Scottsboro Boys


March 25 1931

Posse stops Southern Railroad train in Paint Rock, Alabama. Scottsboro boys are arrested on charges of assault. Rape charges are added against all nine boys after accusations are made by Victoria Price and Ruby Bates.

March 26, 1931

March 26, 1931

Scottsboro boys are nearly lynched by crowd of over 100 gathered around Scottsboro's jail.

March 30, 1931

March 30, 1931

Grand jury indicts the nine Scottsboro boys for rape.

April-December 1931

April 1931 - December 1931

NAACP and International Labor Defense (ILD) battle for the right to represent the Scottsboro boys.

April 6, 1931

April 6, 1931

Trials begin in Scottboro before Judge A. E. Hawkins.

April 7-9, 1931

April 7, 1931 - April 9, 1931

Clarence Norris, Charlie Weems, Haywood Patterson, Olen Montgomery, Ozie Powell, Willie Roberson, Eugene Williams, and Andy Wright are tried and convicted, and sentenced to death. The trial of Roy Wright ends in a mistrial when some jurors hold out for a death sentence even though the prosecution asked for life imprisonment.

June 22, 1931

June 22, 1931

Executions are stayed pending appeal to Alabama Supreme Court.

July 10, 1931

July 10, 1931

On the date first set for their executions, the Scottsboro boys listen to the execution of Willie Stokes, the first of ten blacks to be executed at the prison over the next ten years. After hearing gruesome reports of the execution, many of the boys report nightmares or sleepless nights.

January 1932

January 1932

NAACP withdraws from case. Ruby Bates, in a letter to a Earl Streetman, denies that she was raped.

March-May 1932

March 1932 - May 1932

Alabama Supreme Court, by a vote of 6-1, affirms the convictions of seven of the boys. The conviction of Eugene Williams is reversed on the grounds that he was a juvenile under state law in 1931.
May, 1932-The U. S. Supreme Court announces that it will review the Scottsboro cases.

November 1932

November 1932

The Supreme Court, by a vote of 7-2, reverses the convictions of the Scottsboro boys in Powell vs. Alabama. Grounds for reversal are that Alabama failed to provide adequate assistance of counsel as required by the due process clause of the 14th Amendment.

January 1933

January 1933

Samuel S. Leibowitz, a New York lawyer, is retained by the ILD to defend the Scottsboro boys.

March-April 1933

March 27, 1933 - April 9, 1933

March 27, 1933- Haywood Patterson's second trial begins in Decatur before judge James Horton.
April 9, 1933- Haywood Patterson found guilty by jury and sentenced to death in the electric chair.

April 18, 1933

April 18, 1933

Judge Horton postpones the trials of the other Scottsboro boys because of dangerously high local tensions.

June 22, 1933

June 22, 1933

Judge Horton sets aside Haywood Patterson's conviction and grants a new trial.

November-December 1933

November 1933 - December 1933

Haywood Patterson and Clarence Norris are tried for rape, convicted, and sentenced to death

June 1934

June 1934

Judge Horton, who had faced no opposition in his previous race, is defeated in his bid for re-election.

Alabama Supreme Court affirms the convictions of Haywood and Norris.

October 1934

October 1934

Two lawyers are charged with attempting to bribe Victoria Price in order to change her testimony.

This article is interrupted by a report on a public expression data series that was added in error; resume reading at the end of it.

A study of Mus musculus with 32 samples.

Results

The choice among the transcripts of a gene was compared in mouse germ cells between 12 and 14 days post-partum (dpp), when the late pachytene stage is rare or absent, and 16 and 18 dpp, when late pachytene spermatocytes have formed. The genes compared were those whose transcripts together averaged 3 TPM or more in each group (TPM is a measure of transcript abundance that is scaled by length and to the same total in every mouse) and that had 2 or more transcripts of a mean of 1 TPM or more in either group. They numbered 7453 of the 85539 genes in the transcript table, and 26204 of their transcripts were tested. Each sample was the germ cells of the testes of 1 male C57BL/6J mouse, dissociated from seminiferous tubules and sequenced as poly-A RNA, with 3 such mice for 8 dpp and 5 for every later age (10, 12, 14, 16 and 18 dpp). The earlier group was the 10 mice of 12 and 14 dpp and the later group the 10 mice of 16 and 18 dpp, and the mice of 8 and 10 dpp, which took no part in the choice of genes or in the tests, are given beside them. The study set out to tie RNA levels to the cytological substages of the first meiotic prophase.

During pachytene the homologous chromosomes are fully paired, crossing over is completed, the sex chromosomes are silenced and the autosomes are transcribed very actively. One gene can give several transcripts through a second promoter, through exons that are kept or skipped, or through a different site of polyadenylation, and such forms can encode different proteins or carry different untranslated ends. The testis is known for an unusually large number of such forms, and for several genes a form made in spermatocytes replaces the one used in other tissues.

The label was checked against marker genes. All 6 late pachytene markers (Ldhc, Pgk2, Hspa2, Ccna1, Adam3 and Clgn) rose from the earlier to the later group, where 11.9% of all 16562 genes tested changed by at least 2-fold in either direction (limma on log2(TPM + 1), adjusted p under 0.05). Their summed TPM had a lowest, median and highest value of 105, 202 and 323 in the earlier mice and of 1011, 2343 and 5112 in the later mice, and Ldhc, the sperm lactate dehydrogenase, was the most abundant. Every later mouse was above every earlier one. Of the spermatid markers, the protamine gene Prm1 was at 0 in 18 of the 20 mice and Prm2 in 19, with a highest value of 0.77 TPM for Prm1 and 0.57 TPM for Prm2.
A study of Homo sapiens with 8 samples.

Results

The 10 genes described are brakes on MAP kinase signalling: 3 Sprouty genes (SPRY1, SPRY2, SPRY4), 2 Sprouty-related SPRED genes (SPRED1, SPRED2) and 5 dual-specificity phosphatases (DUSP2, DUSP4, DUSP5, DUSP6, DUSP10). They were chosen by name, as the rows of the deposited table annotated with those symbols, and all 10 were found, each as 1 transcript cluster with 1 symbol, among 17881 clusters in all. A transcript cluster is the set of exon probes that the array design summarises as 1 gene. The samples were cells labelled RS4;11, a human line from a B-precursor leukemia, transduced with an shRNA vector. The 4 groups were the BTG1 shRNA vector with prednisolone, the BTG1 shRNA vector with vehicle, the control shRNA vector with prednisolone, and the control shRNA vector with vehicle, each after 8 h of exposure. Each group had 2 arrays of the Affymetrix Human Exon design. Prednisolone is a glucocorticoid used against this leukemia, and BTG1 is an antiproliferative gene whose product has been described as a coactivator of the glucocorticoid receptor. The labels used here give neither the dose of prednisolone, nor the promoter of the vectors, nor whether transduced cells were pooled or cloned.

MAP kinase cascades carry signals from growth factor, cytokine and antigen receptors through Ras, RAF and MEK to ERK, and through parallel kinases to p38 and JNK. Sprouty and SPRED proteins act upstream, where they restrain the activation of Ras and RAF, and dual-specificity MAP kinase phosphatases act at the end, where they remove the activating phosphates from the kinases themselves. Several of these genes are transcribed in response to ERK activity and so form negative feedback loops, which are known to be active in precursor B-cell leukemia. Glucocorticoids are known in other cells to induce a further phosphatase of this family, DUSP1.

April 1, 1935

April 1, 1935

The U.S. Supreme Court overturns the convictions of Norris and Patterson because African Americans were excluded from sitting on the juries in their trials. Patterson v. State of Alabama, 294 U.S. 600 (1935); Norris v. State of Alabama, 294 U.S. 587 (1935)

December 1935

December 1935

The Scottsboro Defense Committee is organized.

January 23, 1936

January 23, 1936

Haywood Patterson is convicted for a fourth time of rape and is sentenced to 75 years in prison.

January 24, 1936

January 24, 1936

Ozzie Powell is shot in the head while attacking an officer

July 1937

July 1937

Clarence Norris is convicted of rape and sentenced to death. Andy Wright is convicted and sentenced to 99 years for rape. Charlie Weems is convicted and sentenced to 75 years. Ozzie Powell pleads guilty to assaulting the sheriff and is sentenced to 20 years.

July 24, 1937

July 24, 1937

Roy Wright, Eugene Williams, Olen Montgomery and Willie Roberson were released after all charges were dropped against them.

July 5, 1938

July 5, 1938

Clarence Norris's death sentence is reduced to life in prison by Governor Graves.

September 1943

September 1943

Charlie Weems is paroled.

January 1944

January 1944

Norris and Andy Wright are paroled.

September 1944

September 1944

Norris and Wright leave Montgomery in violation of their paroles.

October 1944

October 1944

Norris is returned to prison.

September 1946

September 1946

Norris, paroled again, leaves Alabama.

October 1946

October 1946

Andy Wright is returned to Kilby prison.

July 1948

July 1948

Haywood Patterson escapes from prison.

June 1950

June 1950

Andy Wright is paroled. FBI arrests Patterson, but Michigan's governor refuses extradition to Alabama.

December 1950

December 1950

Patterson is involved in a barroom fight resulting in the death of another man. Haywood is charged with murder.

September 1951

September 1951

Patterson is convicted of manslaughter and sentenced to 6 to 15 years. He dies of cancer less than a year later.

July 1977

July 1977

Victoria Price's suit against NBC for its movie "Judge Horton and the Scottsboro Boys," which she claimed defamed her and invaded her privacy, is dismissed. Price dies five years later.

January 23 1989

January 1989

Clarence Norris, the last surviving Scottsboro boy, dies at age 76.